No player at the top has separated himself from the rest, according to T-Wolves President.

Gersson Rosas, president of basketball operations for the Minnesota Timberwolves, talked to newly acquired guard D’Angelo Russell before an NBA game against the LA Clippers at Target Center on Saturday, Feb. 8, 2020. Photo by Aaron Lavinsky/Star Tribune via Getty Images

Minnesota Timberwolves president of basketball operations Gersson Rosas told ESPN.com that there isn’t a prospect at the top of their 2020 NBA Draft board that stands out from the rest. The T-Wolves have the No. 1 overall pick in the draft on November 18th. There are a handful of strong players to choose from, but Rosas says there is no one who has “separated himself from the pack.”

“The analysis is fair,” Rosas said told ESPN during a videoconference Wednesday. “There’s no guy that has separated himself from the pack from public or external view, but I’m very confident that as we go through this process, the talent will rise to the top and we’ll be confident about identifying one guy as the best guy, the best talented player with the most upside and most ability for our organization.”

Among the options for the T-Wolves are LaMelo Ball, Anthony Edwards and James Wiseman. Two of the three are guards, while Wiseman is a big, lanky 7-footer. Ball and Edwards fit into today’s NBA. Ball is a oversized PG who can make plays all over the court. Edwards is a prototypical 2-guard who could develop into a go-to scorer. Wiseman is more of a traditional big, a rim protector who can run the floor well.

Outside of those three, there are a bunch of prospects who may not make sense at No. 1 overall, but like Rosas says, nobody has separated from the rest by a big margin. This could make the No. 1 overall pick up in the air. So in terms of trying to find an edge in betting, this is the type of information that can be useful. Edwards is the the betting favorite at -325 to go first in the draft. From what Rosas is saying here, Edwards is far from a sure-thing to go to the T-Wolves. Ball is +195 and Wiseman is +785 to go first. Ball at plus-odds seems like a good bet. Wiseman is a stretch but the number should probably be closer than +785.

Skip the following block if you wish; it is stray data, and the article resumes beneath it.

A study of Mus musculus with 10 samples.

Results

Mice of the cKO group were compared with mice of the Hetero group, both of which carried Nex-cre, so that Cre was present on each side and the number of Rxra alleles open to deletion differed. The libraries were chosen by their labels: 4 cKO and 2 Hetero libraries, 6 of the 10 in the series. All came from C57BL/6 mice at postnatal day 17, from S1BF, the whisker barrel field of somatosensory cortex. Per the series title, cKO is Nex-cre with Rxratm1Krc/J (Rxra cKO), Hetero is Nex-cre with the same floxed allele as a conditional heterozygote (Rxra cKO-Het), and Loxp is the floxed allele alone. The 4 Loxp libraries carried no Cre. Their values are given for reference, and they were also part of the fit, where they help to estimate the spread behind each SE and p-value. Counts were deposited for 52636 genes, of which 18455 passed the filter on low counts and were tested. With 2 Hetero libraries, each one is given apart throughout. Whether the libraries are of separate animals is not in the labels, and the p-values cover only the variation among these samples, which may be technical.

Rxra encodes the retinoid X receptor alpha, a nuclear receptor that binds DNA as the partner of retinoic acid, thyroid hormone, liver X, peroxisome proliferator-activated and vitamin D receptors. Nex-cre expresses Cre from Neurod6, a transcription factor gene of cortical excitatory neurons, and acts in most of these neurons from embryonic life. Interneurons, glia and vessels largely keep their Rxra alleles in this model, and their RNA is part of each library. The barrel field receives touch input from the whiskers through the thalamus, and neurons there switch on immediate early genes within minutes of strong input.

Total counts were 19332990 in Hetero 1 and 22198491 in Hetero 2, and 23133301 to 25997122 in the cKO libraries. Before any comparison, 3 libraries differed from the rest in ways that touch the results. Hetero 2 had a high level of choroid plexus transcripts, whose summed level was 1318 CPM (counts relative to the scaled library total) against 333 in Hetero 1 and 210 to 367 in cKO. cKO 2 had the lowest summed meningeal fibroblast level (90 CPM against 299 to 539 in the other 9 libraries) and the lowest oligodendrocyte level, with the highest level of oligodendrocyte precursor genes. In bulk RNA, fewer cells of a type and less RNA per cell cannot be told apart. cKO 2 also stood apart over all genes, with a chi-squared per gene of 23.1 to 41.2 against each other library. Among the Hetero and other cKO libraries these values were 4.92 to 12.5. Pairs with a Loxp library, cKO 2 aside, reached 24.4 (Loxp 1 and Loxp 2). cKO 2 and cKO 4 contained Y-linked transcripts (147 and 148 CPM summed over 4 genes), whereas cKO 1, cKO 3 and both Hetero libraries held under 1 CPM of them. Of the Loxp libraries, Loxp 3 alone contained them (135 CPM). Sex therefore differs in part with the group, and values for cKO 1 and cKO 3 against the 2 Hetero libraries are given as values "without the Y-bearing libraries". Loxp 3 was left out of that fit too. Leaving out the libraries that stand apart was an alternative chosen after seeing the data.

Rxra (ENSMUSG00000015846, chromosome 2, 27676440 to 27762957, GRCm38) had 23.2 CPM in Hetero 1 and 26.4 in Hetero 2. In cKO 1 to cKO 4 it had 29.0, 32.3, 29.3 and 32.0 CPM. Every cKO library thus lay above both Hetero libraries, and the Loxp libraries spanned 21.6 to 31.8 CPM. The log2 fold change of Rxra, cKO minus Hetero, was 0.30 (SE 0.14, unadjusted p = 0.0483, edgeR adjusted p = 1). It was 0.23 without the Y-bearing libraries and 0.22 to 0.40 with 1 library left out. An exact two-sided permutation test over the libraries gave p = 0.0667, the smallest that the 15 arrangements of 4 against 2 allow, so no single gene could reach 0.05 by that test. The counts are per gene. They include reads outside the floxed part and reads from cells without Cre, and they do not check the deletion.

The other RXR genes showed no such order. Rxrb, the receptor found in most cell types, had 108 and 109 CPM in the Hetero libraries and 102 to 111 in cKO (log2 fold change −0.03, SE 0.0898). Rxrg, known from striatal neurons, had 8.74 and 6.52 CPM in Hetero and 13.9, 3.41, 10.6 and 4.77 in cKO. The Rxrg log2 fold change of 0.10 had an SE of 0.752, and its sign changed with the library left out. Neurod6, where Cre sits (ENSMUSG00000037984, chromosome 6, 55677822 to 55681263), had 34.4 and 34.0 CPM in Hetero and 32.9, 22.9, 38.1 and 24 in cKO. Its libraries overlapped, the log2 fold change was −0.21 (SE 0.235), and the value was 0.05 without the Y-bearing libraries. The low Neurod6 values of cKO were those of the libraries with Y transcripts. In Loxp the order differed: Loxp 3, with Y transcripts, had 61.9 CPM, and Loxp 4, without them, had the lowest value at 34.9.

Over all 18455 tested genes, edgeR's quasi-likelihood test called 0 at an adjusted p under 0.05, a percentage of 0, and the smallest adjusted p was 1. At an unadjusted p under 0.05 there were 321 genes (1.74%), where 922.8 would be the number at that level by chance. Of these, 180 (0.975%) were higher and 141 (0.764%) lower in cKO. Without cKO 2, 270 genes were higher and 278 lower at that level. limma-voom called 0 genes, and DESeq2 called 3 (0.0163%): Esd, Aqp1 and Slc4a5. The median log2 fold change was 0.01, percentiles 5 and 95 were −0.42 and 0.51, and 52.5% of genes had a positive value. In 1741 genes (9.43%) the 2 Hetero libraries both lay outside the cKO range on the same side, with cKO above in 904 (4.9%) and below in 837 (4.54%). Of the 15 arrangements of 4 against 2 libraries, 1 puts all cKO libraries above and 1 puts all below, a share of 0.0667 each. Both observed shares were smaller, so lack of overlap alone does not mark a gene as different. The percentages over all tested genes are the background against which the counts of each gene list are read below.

A few of my favorite long-shot bets to go No. 1 are Obi Toppin at 100/1 and Tyrese Haliburton at 300/1. Toppin is an undersized PF but he could fit in nicely with the T-Wolves roster. Toppin gives Minny another big to stretch the floor playing alongside Karl-Anthony Towns and D’Angelo Russell. The T-Wolves could opt against taking a guard in Ball or Edwards because they want the back court to look like D’Lo and Malik Beasley moving forward. Wiseman doesn’t make sense since you have KAT, unless you want Towns to switch to PF?

Haliburton could ultimately fly up draft boards and end up being the consensus No. 1 prospect if people don’t see much separation at the top. ESPN wrote about Haliburton and how he could be the sleeper in the top 10 this year. I think he makes a lot of sense for any team. That guard theory aside, the Wolves could just load up in the backcourt and go with a three-guard rotation, something that has been successful around the League. Haliburton also has the size and wingspan to play more of a 2-3 than a pure PG. His shooting is good enough for him to play off the ball as a slasher.